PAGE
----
Jos P.H. Smits from the Experimental Dermatology laboratory of the Radboud University Medical Center (Radboudumc) was a recipient of the 2022 ESDR/SID Collegiality Award and SID2022 Travel grant. These awards allowed him to attend the 2022 SID meeting in Portland (OR, USA) and to present his work at the University of Rochester Medical Center (URMC). Here he reports his experience:
When I was young, somewhere around my tenth birthday, I suddenly developed moderate to severe psoriasis from top to toe. Although topical treatments did help to some extent, the plaques on my arms, hands, and knees did never disappear. Having a chronic skin condition sparkled my interest in biology and medicine, with a keen interest in technology. These interests steered me to complete my masters in medical biology. While studying at the Radboud University in Nijmegen, The Netherlands, I did a research internship at Prof. dr. Joost Schalkwijk’s Experimental Dermatology research laboratory at the Radboudumc. Thankfully, I could join his lab a couple of years later to do a PhD and study skin diseases myself. Now, I am already three years working as a postdoctoral researcher with our present head of the laboratory, Prof. dr. Ellen van den Bogaard.
During my PhD period, one of my projects was to investigate how well the human immortalized N/TERT keratinocytes – developed in 2000 by Prof. dr. Rheinwald from the department of Dermatology at Harvard Skin Disease Research Center – compare to human primary keratinocytes from our own biobank. We found that they grow and develop highly comparable in our epidermal equivalent cultures. We realized that these cells would be perfect for use in genomic engineering experiments. Lucky as I was, our laboratory secured a research grant that enabled me to continue my research and embark on a project fully focused on setting up the CRISPR-Cas9 technique to perform knockout and knockin experiments in human keratinocytes. Ever since we published our study on the N/TERT keratinocytes we have been sending out these cells on a monthly basis to research laboratory all over the world. I kept in contact with some groups I sent the N/TERT keratinocytes to, amongst others the research group of Lisa Beck and Matthew Brewer at University of Rochester Medical Center (URMC) and together we wrote a chapter on delivery methods for CRISPR/Cas9 in the Research Techniques Made Simple section in the Journal of Investigative Dermatology.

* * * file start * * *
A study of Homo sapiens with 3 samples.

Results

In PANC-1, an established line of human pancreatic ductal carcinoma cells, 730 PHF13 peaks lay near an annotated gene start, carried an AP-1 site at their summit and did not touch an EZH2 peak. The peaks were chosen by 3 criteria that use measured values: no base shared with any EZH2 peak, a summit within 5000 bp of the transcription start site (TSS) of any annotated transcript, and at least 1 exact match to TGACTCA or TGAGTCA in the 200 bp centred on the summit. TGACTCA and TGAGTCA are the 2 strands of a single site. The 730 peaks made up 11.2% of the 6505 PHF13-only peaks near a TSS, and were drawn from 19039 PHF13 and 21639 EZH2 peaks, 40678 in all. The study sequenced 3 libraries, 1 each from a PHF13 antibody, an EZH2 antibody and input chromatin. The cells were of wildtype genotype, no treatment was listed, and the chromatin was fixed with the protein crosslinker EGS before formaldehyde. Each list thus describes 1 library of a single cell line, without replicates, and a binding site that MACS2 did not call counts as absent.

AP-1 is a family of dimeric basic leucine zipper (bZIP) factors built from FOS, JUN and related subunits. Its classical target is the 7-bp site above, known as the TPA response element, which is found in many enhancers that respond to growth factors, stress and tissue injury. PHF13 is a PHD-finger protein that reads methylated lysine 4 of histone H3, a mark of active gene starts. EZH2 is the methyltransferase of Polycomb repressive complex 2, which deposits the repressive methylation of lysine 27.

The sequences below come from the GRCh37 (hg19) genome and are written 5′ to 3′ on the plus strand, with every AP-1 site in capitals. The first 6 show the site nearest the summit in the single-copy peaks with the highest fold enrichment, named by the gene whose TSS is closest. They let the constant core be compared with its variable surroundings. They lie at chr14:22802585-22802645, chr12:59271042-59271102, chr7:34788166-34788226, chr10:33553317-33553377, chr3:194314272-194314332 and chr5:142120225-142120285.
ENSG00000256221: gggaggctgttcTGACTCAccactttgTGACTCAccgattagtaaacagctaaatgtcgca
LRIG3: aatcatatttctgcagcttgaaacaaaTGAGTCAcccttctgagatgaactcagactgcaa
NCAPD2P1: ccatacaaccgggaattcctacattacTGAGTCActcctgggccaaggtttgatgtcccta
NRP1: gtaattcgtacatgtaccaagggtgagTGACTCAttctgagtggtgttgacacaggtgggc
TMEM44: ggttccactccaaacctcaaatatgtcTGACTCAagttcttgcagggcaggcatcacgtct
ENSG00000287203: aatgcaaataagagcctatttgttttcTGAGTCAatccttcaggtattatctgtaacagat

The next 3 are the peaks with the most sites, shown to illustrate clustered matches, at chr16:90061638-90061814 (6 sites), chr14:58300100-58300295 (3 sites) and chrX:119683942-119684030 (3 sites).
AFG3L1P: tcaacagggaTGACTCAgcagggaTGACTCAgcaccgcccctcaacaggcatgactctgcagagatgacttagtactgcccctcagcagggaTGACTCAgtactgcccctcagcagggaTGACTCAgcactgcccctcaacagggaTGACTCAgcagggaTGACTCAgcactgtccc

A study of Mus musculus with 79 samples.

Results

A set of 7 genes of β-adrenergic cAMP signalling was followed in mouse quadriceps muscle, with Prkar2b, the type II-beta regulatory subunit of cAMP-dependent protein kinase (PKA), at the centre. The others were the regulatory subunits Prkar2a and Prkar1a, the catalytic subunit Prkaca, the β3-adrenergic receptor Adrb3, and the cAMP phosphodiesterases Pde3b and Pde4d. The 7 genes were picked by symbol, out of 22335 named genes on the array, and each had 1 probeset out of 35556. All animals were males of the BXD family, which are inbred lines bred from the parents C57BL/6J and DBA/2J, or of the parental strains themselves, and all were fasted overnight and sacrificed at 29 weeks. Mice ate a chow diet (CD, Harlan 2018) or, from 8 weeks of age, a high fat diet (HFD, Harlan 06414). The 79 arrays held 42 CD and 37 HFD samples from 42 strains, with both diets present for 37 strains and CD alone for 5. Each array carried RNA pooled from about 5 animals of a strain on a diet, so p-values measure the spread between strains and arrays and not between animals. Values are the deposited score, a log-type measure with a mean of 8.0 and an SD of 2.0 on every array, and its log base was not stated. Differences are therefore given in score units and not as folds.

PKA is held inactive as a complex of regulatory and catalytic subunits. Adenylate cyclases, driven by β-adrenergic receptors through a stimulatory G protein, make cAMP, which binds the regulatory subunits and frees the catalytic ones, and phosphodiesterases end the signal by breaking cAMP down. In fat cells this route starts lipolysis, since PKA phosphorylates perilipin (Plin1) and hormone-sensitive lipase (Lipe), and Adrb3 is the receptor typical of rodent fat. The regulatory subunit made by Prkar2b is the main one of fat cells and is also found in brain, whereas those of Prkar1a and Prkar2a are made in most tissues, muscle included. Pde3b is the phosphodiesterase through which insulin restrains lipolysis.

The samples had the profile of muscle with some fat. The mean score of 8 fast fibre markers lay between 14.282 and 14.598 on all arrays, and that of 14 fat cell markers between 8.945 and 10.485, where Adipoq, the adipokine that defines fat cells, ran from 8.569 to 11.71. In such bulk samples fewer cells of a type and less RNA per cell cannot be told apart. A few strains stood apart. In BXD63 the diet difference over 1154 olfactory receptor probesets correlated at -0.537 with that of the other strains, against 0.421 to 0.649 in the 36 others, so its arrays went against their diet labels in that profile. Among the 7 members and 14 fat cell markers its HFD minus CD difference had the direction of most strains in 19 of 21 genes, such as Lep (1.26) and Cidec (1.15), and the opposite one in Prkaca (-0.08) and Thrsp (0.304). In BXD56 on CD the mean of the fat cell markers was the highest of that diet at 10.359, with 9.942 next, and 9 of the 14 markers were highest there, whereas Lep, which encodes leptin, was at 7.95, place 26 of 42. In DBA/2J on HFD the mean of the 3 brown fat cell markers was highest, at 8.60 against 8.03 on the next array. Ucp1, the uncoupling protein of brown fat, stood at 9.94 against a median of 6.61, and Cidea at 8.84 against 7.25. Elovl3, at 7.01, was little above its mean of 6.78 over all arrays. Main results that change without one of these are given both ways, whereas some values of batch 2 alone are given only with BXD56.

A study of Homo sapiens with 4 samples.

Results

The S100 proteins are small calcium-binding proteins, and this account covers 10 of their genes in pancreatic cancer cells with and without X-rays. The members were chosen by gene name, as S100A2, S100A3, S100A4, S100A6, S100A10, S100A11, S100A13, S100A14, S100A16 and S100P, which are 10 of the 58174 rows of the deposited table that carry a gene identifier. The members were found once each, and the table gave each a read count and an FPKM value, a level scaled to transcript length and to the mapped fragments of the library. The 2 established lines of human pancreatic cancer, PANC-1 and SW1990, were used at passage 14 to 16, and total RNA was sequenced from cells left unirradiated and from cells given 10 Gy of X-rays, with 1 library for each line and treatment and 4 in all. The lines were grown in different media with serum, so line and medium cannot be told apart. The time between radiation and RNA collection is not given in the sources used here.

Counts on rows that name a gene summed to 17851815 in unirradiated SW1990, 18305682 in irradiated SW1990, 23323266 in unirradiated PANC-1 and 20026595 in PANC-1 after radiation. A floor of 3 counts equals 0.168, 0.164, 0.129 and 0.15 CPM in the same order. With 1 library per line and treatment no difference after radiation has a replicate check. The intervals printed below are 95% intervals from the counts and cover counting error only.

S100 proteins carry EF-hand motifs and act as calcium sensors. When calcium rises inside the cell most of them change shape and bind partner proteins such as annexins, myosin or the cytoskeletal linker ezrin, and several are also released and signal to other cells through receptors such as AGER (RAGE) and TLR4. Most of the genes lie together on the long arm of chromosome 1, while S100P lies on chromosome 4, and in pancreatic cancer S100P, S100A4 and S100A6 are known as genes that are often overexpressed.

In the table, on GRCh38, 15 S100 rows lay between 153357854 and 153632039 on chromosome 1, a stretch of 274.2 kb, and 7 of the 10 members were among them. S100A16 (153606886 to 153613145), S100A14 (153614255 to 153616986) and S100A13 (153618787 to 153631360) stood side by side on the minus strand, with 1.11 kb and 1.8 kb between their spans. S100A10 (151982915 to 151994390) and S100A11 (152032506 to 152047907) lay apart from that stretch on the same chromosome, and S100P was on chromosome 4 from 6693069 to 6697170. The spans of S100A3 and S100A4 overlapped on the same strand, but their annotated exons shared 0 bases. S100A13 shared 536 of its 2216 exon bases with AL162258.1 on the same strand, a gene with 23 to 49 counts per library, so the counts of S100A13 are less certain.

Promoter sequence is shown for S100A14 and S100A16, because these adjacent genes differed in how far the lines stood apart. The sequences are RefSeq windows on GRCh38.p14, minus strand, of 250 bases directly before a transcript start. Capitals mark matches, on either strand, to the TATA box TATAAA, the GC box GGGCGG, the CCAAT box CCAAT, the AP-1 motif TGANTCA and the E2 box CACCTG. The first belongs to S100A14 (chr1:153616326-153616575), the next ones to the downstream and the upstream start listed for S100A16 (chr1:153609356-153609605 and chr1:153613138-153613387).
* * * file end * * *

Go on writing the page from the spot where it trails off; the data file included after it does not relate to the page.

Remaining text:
For years now I have been an active member of the ESDR and last year I was fortunate to be enrolled in the ESDR’s Academy for Future Leaders in Dermatology. I realized early on during my career how important it is to be an active member of the dermatological societies and how fun it is to go to (inter)national conferences and speak with fellow young investigators and wise mentors. This year, my submitted abstract for the SID2022 meeting was selected for an oral presentation at the Concurrent Mini-Symposium 2 ‘Epidermal Structure and Barrier Function’. I am glad and honored the ESDR and SID granted me a Collegiality Award to combine visiting the SID conference with a work visit to our friends at URMC. Not only I had the chance to present the work we do in Nijmegen, I spoke to other researchers from the URMC and discussed our work and potential ideas and timelines for grant applications. I felt extremely welcome and appreciated the hospitality from all team members at URMC! Thank you so much and I sincerely hope our collaboration will lead to joint grant proposals in the near future!
During my visit in the USA, I had to chance to see the surroundings of Portland (OR), Rochester (NY), and New York City (NJ/NY) as well. The combination of science, nature, and history made my visit one to remember forever!